To better understand what Canadian investing professionals are buying and selling and why, we canvass the buy side for the rationale behind their recent investment decisions. Here are three money managers on what they have been trading.
The portfolio manager: Dennis Mitchell, Sprott Asset Management
The purchase: Visa Inc.
The recent all-consuming market sell-off has snuffed out the potential upside for a number of stocks with decent tailwinds. In the past two weeks, all but a measly 28 stocks in the S&P 500 index are negative – Visa among them, despite some recent positive developments.
“In a market where you’re struggling to find growth, it’s hard to overlook a company like Visa,” Mr. Mitchell said.
Recently, Visa has lured a number of credit card issuers – including Costco Wholesale Corp., Fidelity Investments, and USAA Bank – away from its competitors. “Those were important because they were direct takeaways from MasterCard and American Express,” Mr. Mitchell said.
In November, Visa also announced a deal to acquire Visa Europe, creating one global company with growing market share, higher transaction volumes and potential earnings growth in the high teens, he said. Meanwhile, a pair of risks facing the company, namely competition from alternative payment services, as well as pressure to reduce fees, have been overstated, according to Mr. Mitchell.
He said he began to accumulate Visa shares in late November at slightly less than $80 (U.S.) a share in Sprott’s newly launched funds under Mr. Mitchell’s management.
Since then, however, the stock has declined by about 8 per cent as investors have become unnerved over economic concerns.
“You’re seeing a larger sell-off in the broader market tied to specific fears out of China and global growth. Those are overwhelming the stock-specific story,” he said, adding that he will continue to accumulate shares on further weakness.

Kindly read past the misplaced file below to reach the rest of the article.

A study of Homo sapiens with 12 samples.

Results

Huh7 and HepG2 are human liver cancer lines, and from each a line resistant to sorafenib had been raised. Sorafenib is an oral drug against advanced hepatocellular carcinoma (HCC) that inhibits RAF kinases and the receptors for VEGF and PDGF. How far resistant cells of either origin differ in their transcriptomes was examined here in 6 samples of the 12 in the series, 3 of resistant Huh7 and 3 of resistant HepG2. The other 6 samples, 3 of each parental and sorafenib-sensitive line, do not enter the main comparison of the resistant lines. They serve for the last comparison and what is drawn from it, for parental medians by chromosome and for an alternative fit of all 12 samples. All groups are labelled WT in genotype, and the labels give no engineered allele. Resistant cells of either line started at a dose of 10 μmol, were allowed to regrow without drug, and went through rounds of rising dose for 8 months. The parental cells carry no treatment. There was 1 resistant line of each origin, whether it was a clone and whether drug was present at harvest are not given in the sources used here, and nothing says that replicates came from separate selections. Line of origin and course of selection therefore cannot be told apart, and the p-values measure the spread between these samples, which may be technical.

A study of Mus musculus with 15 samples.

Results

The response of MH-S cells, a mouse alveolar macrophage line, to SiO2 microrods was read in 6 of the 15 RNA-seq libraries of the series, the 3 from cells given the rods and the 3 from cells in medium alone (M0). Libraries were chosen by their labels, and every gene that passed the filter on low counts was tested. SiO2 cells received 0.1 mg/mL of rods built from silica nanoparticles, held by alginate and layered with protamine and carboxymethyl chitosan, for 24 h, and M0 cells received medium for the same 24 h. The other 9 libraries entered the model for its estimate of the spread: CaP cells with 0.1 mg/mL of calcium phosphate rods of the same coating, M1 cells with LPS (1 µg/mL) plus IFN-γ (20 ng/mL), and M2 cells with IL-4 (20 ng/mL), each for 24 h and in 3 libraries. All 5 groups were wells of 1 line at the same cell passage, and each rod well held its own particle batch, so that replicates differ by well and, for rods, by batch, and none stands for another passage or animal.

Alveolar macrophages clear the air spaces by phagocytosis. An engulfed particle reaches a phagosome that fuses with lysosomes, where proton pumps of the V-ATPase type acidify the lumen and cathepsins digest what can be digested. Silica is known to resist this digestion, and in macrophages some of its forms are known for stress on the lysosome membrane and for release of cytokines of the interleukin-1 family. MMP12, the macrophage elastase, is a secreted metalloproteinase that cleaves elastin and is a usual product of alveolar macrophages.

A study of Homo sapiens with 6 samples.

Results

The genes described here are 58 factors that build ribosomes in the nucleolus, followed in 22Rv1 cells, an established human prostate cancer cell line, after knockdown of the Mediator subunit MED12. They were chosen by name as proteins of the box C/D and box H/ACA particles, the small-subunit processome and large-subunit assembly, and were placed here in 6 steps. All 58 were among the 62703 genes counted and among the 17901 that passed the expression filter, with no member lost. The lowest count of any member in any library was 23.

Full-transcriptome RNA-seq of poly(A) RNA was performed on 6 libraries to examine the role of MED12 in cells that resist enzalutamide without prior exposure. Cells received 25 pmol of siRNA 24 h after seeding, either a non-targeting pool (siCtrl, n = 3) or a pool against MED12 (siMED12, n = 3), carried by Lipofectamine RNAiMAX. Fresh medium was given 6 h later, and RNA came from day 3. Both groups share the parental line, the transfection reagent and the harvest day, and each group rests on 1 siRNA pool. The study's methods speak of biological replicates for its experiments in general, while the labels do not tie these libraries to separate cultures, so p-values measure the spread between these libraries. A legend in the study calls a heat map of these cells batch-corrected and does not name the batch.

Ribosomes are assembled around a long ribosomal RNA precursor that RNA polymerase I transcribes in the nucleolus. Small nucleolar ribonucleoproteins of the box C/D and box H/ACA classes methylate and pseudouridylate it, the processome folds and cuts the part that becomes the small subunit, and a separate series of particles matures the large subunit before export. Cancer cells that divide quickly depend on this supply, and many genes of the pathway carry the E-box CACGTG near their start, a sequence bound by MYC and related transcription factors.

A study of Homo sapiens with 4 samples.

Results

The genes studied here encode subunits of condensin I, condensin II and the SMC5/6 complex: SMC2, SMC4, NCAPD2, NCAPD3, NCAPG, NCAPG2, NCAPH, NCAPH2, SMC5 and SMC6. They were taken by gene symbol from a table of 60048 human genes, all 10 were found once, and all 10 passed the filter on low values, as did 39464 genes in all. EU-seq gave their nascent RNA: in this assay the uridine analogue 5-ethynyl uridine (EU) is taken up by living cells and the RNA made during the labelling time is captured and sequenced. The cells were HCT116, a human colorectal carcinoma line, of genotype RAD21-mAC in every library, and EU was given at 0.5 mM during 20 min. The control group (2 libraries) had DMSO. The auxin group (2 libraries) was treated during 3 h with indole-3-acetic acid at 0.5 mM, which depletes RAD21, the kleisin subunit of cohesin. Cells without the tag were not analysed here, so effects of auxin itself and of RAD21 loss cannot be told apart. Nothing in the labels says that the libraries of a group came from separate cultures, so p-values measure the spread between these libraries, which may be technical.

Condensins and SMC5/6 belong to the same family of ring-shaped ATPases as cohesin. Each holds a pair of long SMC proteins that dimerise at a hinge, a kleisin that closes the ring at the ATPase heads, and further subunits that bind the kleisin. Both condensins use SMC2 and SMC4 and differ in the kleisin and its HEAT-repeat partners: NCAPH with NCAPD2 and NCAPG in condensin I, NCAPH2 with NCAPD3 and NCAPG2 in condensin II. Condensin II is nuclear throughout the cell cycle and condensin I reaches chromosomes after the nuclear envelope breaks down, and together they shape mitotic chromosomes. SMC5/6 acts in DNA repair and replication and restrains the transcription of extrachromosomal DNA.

The portfolio manager: Bruce Campbell of Campbell, Lee & Ross Investment Management
The purchase: Newell Rubbermaid Inc.
When he established a new position in this stock in mid-December, it seemed cheap, Mr. Campbell said. “Now it seems stupidly cheap,” he said. “But you could argue that there are all kinds of things that are stupidly cheap.”
There is little in the way of company-specific news to explain the sell-off in Newell Rubbermaid, which has declined by nearly 20 per cent from its December peak.
Like almost every other stock, this one has fallen victim to the global shift in sentiment. But Newell Rubbermaid stands out for its growth prospects, Mr. Campbell said. “There are very few who are going to show double-digit earnings growth.”
The consumer products company recently announced a deal to acquire Jarden Corp., which will add dozens of household brands to the acquiring company’s portfolio, including Jarden’s Rawlings baseball gloves and Mr. Coffee machines. “These brands are kind of sleepy,” Mr. Campbell said. “So they don’t have to pay up for them.”
The two companies’ combined earnings growth amounts to 8 per cent to 9 per cent annually over the next three to five years. Add in expected accretion and potential growth for the postacquisition company nearly doubles, he said. Factoring those forecasts into the Newell Rubbermaid’s recent downslide, its PEG (price-to-earnings-to-growth) ratio falls to about 1.0. “I don’t even know of anything else that trades at that,” Mr. Campbell said.
The portfolio manager: Christine Tan, senior portfolio manager at Excel Funds Management
The purchase: It’s Skin Co. Ltd
The growth of consumer stocks tied to China has started to weaken in the past couple of years, although at least one pocket of that trade remains resilient – cosmetics, Ms. Tan said.
China is expected to become the world’s largest cosmetic market by 2018, according to Datamonitor. “As women earn more they start spending more on facial care and cosmetics,” she said.
As China has been moving away from manufacturing and toward a consumer-led economy, spending on cosmetics by Chinese consumers has been rising by double-digit rates per year, although from a very low base. There is plenty of room to grow, even if fears for the Chinese economy prove justified, Ms. Tan said.
“I like secular growth themes where I don’t have to wake up in the morning and wonder if China is going to grow at 8 per cent or 4 per cent,” she said.
It’s Skin is a South Korean cosmetics and face cream company that is positioned at the cheaper end of higher-quality products finding favour among Chinese consumers. The company went public in December, and the offering was attractively priced for a volatile market, Ms. Tan said. Still hovering at about its IPO price, the stock trades at about 18 times forward earnings, which is a steep discount to industry peers with comparable growth prospects, she said. “Most of these secular growth names are expensive, just like in the U.S.”